Someone contacted me asking about some of the furniture details in Landon’s nursery and I realized that I never shared the finished crib! No time like the present…
I remember sharing a while back that I was having trouble finding a crib that I liked. I wanted white distressed wood. Everything I was finding in white was smooth finish and everything in a distressed finish was off-white or almost yellow. Of course, I have no problem painting a piece of furniture 🙂 but if I was going to put work in to it, I didn’t want to spend a lot. I searched some thrift stores but there’s not a lot of cribs out there. Enter Wayfair.com.
I went on Wayfair.com just to see what they had. I had purchased my office chair from Joss & Main, which is a sister company of Wayfair.com, and loved it so I thought I’d check it out. Turns out, there are a lot of options under $250! The crib I chose is by Viv & Rae, called the Rocco Kokopelli Convertible Crib.
What I loved about this crib was the “shutter-like” look on the endcaps. I knew the raised edges would give great texture when I distressed it. Unfortunately, this crib is sold out 🙁 However, if you go on Wayfair.com and search cribs, there is an option on the left side of the screen to select “cribs under $200” and there are lots of options to choose from.
My favorites, to get a similar look to what I did would be…
Camden 4-in-1 Convertible Crib by Child Craft
Harbor Lights 4-in-1 Convertible Crib by Graco
Watterson 4-in-1 Convertible Crib by Child Craft
And, the first 2 options come in multiple finishes, in case you don’t want to refinish or paint.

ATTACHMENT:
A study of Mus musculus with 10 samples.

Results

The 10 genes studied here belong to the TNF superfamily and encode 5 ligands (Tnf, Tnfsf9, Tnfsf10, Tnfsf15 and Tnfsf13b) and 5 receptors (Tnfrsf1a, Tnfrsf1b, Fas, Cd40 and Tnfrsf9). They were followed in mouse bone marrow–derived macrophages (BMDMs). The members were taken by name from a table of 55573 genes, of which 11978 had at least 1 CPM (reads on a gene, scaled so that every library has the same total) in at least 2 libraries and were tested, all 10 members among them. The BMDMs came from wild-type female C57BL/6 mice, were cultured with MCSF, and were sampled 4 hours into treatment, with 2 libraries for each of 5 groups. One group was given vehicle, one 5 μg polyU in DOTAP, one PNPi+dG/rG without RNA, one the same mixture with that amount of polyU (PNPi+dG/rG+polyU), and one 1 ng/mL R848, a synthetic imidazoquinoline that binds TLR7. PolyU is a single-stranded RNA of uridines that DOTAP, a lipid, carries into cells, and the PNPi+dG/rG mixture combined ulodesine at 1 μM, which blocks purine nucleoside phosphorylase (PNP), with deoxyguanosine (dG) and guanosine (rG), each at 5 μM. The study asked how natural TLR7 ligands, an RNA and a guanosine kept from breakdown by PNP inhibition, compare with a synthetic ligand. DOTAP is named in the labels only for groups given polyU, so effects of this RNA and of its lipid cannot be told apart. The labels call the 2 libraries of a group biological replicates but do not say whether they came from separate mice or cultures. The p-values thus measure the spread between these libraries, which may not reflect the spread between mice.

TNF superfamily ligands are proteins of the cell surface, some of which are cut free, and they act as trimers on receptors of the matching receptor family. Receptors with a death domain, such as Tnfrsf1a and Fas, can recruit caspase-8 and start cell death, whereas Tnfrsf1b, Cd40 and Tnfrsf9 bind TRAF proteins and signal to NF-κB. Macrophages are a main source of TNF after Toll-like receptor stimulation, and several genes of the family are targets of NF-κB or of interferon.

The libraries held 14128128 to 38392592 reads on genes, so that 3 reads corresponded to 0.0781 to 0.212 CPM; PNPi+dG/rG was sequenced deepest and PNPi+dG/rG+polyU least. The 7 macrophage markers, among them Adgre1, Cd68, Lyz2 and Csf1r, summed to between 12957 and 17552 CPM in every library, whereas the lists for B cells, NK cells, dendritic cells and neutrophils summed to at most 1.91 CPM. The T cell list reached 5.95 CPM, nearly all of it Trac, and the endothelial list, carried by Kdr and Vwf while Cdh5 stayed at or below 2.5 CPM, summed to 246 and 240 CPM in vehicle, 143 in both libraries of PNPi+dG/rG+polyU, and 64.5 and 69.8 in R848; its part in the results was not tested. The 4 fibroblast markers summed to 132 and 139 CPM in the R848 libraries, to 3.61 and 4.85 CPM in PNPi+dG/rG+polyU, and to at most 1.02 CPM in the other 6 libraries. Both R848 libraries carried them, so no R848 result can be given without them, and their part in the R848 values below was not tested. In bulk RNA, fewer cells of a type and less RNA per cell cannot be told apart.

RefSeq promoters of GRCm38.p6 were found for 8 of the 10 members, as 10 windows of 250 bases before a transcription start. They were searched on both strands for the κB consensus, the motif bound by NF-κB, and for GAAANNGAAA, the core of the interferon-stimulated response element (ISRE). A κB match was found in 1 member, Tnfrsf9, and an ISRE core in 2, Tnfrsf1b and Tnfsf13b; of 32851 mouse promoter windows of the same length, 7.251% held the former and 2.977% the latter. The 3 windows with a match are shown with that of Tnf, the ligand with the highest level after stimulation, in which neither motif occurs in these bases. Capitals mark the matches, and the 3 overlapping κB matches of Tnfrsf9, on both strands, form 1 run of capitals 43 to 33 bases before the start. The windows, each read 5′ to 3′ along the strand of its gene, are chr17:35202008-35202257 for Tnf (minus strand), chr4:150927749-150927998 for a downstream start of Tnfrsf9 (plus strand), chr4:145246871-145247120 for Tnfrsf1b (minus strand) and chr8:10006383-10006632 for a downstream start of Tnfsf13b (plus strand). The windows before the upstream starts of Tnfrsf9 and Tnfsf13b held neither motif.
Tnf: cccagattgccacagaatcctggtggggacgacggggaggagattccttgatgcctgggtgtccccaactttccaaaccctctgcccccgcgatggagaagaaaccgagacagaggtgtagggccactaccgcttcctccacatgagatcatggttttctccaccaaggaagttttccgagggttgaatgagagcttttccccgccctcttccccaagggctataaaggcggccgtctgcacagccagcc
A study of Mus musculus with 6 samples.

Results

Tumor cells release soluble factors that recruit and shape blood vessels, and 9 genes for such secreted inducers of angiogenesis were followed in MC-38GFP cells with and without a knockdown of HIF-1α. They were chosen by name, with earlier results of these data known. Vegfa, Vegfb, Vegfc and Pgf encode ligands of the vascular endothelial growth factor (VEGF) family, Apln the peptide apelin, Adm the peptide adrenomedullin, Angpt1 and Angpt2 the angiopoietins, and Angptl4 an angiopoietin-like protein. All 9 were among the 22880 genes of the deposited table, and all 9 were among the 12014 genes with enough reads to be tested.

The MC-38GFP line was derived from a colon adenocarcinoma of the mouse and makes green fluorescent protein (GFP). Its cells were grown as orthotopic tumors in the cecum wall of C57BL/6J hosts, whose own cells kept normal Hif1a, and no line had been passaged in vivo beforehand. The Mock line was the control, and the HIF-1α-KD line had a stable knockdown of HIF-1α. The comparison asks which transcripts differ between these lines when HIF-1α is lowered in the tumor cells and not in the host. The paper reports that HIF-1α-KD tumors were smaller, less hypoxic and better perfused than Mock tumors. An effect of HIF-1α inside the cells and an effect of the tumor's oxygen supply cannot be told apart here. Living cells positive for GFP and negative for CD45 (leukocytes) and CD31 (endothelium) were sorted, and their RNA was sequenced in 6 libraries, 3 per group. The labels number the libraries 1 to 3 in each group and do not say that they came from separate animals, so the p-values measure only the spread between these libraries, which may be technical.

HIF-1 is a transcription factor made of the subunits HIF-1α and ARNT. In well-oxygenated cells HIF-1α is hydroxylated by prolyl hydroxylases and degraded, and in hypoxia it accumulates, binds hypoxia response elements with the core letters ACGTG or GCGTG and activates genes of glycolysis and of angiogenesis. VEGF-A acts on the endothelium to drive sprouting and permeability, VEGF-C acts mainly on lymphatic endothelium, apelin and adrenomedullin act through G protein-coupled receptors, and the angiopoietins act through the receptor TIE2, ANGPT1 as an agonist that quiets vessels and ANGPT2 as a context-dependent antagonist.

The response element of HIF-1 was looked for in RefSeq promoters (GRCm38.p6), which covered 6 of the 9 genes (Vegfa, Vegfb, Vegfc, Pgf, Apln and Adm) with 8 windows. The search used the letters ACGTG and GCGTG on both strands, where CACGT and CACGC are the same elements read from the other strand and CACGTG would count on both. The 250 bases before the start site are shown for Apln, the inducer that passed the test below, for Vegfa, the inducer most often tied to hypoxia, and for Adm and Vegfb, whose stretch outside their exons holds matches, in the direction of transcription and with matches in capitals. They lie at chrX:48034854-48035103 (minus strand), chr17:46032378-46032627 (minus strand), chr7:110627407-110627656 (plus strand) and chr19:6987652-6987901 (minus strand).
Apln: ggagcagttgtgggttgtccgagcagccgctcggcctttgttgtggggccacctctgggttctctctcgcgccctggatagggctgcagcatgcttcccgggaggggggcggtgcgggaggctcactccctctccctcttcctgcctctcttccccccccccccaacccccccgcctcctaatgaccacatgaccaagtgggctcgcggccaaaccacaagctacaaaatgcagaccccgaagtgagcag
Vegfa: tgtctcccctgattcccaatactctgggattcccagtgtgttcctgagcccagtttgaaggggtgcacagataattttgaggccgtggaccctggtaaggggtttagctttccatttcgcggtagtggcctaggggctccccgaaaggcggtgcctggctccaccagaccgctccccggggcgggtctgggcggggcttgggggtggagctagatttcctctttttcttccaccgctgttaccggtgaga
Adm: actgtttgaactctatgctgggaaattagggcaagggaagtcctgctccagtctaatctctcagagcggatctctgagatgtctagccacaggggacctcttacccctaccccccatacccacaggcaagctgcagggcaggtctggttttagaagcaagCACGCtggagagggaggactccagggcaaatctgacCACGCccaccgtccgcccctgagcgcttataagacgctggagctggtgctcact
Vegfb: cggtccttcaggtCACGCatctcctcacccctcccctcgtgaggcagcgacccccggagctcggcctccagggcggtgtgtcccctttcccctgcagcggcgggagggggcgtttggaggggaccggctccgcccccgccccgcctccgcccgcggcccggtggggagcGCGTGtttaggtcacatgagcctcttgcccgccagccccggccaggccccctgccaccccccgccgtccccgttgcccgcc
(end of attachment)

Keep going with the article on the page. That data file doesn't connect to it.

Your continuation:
To refinish the crib I used Heirloom Traditions chalk paint in A La Mode. Heirlooms Tradition, as most chalk paint, is non-toxic and safe to use on furniture that a baby may put it’s mouth on. You just want to make sure to let the paint cure for a few weeks before baby would have it’s mouth near the furniture. The thing you don’t want to use in this case, is the soft wax. I didn’t use the soft wax this time and it didn’t really affect the distressing. The biggest benefit of the wax is that it seals the paint, protecting it from chipping and stains.
*Quick tip: assemble your crib before you paint it!
There are so many nooks and crannies and areas that will not be visible and therefore don’t need paint, you will save so much time if the crib is assembled first.
Once painted, I used 100 grit sandpaper to sand the edges. I used a coarser sand paper because I really wanted the dark brown to show through. I didn’t sand any flat surface, just ran the sand paper along each edge.
That’s all folks! Pretty simple transformation. And for those wondering, the crib bedding is the Vintage Ticking Stripe and Vintage Washed Percale Collection from Restoration Hardware.
Vintage Scoreboard was made by me and you can find the instructions here.
2 thoughts on “Nursery Crib”
How much paint did this project require?
I believe I put 4 coats of paint on (really dark wood to begin with), so it was probably almost a full quart of chalk paint.